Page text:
Why Software Internationalization Efforts Fail

Internationalization is a key strategy for companies to take advantage of the global marketplace by making their software relevant to markets all over the world. But doing so isn’t always as simple as flipping a switch.

Decoding the most important aspects of software tools for local market use requires a distinct process, taking into account the diversity of other nations and cultures. As your company expands to new markets, there are some common errors to avoid.

Common Mistakes in Internationalization

Lack of Market Research

As companies launch in new markets, they need to understand that what works well for one market might not work so well in another and that there are specific local nuances users may need or expect to understand the service.

Locale-specific market research allows companies to understand the real needs of potential users in diverse nations, and then provide software that is both useful and relevant to them. Using research helps your company to understand the value of various features, or to add subtle features that another market may expect to see.

Underestimating Time Needed

Localization can be a time-consuming process and requires resources from your team. It is also important to complete localization efforts along with other project tasks for the most efficient completion of software. Often, teams believe this localization can be completed after full software development in their local market, but this can add months to the process. Working on localization during the development process using agile methods rather than a waterfall approach can save time, resources, and bring your product to market more quickly. Tools such as Lingoport’s  Globalyzer and Localyzer can save your company valuable time and resources when performing these essential processes.

Internationalization ≠ Translation

If you’re running a software company, it is imperative to know that localization involves not only language but formatting for numbers, dates, times, addresses, phone numbers, currencies, and non-textual elements like images, sounds, and videos.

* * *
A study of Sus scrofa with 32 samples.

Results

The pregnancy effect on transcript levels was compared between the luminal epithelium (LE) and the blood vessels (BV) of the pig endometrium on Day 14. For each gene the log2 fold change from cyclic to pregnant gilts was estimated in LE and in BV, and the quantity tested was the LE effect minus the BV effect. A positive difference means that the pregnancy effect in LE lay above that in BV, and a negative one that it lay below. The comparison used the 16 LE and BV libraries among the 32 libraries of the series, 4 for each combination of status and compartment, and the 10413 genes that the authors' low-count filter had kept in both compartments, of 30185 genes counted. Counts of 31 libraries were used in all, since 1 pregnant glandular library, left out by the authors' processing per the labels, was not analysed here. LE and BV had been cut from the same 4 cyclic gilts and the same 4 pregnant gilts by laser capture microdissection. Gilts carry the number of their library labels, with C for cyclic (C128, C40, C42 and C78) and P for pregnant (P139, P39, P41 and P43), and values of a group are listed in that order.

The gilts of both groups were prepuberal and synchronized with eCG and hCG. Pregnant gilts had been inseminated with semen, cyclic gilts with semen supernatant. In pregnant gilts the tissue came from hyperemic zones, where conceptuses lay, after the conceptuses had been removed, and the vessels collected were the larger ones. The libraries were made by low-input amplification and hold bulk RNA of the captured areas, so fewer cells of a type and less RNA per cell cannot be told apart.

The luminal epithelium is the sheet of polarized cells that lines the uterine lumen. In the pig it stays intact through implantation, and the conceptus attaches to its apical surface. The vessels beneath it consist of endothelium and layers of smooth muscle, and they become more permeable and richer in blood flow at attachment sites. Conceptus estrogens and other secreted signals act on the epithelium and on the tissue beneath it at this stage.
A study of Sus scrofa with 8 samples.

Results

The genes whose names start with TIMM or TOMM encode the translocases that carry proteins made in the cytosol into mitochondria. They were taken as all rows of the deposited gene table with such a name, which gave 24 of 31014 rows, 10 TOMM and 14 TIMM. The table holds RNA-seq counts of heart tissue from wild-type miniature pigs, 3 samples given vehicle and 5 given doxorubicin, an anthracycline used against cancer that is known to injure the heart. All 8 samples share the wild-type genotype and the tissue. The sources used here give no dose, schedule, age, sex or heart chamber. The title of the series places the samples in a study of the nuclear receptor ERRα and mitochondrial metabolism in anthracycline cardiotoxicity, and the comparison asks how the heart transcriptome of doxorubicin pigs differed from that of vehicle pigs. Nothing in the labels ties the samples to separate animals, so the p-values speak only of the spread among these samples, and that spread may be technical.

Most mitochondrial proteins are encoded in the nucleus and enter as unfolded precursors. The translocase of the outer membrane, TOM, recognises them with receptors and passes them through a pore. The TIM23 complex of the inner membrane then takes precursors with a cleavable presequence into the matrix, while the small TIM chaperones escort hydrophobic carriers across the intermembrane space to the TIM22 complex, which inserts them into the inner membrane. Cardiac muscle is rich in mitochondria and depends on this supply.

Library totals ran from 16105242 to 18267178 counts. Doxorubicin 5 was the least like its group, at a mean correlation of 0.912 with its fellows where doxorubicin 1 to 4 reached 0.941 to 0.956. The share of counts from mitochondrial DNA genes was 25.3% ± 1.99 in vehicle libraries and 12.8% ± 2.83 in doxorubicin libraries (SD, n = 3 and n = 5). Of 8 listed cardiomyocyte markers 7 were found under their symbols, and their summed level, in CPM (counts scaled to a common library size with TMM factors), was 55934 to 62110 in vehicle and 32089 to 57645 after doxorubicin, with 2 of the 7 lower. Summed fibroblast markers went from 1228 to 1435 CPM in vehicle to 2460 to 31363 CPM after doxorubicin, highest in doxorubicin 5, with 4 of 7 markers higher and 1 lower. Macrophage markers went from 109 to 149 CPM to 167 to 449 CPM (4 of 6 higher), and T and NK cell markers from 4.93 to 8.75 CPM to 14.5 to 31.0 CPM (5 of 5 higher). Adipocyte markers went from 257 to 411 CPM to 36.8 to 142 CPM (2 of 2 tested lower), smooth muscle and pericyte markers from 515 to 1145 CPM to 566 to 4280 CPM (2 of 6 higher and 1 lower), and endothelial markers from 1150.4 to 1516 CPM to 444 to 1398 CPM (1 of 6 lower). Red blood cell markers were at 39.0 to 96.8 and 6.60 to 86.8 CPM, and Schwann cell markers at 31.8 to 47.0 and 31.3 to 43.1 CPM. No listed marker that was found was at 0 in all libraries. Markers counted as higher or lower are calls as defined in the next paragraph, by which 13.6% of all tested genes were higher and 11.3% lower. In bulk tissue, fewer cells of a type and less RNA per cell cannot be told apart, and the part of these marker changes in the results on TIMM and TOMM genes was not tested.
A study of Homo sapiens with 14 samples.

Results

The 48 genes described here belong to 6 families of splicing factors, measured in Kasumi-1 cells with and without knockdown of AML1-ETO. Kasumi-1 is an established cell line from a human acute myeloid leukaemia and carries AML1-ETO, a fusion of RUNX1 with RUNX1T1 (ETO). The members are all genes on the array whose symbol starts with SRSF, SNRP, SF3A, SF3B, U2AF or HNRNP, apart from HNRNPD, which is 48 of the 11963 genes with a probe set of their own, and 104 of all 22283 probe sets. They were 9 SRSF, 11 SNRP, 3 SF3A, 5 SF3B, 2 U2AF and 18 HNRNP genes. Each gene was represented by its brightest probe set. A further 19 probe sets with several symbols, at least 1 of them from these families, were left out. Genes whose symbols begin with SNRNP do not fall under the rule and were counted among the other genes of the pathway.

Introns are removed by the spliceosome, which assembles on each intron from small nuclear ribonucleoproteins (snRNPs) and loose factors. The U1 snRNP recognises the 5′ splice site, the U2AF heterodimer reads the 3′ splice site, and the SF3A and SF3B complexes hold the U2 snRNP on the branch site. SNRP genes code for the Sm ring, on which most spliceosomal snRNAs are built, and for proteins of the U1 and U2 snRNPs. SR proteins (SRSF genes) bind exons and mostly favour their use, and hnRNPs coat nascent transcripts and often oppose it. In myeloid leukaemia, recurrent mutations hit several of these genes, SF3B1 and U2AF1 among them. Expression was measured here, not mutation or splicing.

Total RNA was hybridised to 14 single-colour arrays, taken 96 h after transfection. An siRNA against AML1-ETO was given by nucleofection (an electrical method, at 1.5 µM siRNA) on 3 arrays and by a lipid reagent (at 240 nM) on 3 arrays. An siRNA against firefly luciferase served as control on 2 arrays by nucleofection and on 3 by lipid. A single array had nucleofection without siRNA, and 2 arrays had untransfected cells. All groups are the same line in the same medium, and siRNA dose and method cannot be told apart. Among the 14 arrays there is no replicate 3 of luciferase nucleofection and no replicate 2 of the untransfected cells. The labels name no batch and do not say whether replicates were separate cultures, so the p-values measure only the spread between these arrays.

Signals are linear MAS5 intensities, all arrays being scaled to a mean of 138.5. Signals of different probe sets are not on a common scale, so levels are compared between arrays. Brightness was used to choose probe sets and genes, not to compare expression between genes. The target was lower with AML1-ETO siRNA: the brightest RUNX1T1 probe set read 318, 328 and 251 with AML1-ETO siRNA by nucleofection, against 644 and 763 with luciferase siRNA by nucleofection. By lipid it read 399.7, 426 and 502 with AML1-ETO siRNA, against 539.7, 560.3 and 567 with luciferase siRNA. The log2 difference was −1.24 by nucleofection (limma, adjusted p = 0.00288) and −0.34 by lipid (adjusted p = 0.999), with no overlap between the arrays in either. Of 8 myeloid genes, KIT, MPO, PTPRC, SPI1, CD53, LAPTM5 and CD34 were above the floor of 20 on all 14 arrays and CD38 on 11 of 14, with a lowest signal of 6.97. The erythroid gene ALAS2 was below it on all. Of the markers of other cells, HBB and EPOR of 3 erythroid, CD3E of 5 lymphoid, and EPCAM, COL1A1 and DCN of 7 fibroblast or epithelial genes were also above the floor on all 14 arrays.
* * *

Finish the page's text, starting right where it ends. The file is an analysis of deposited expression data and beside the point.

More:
Localization is a step in the process of adapting products for international audiences by understanding how cultural differences can influence their perception of a product or service and incorporating changes during development to address global markets. If you want to globalize your business effectively, companies must create consistent, relevant content across all aspects of their software. 

In many cases, companies try to use one message across multiple markets but fail because each culture has its own set of values that might not match the ones created in the original country where the product was launched. If you are trying to sell a messaging service for kids, for example, you should consider cultural factors in the ways children communicate, as well as understand their needs based on their age group, and differing family circumstances.

Developers have traditionally been focused on features, design, delivery, and deadlines. By incorporating localization during development you’re letting them keep that focus and making localization an easier to manage step in the development process. No more post development localization woes, more time to broaden your global reach.

Bottom Line

Making your software relevant to other countries can give you an incredible edge against competitors and open up other revenue streams. To take advantage of this benefit, you must create a strategy for localizing and internationalizing your product. The best way to do that, as well as save time and resources is by internationalizing during development. Avoid the old pitfalls of internationalizing software after development, let Lingoport help you internationalize and localize at the speed of development. 


Picture of Adam Asnes
Adam Asnes
Adam Asnes is the Founder and CEO of Lingoport, the industry leader in software internationalization products and services.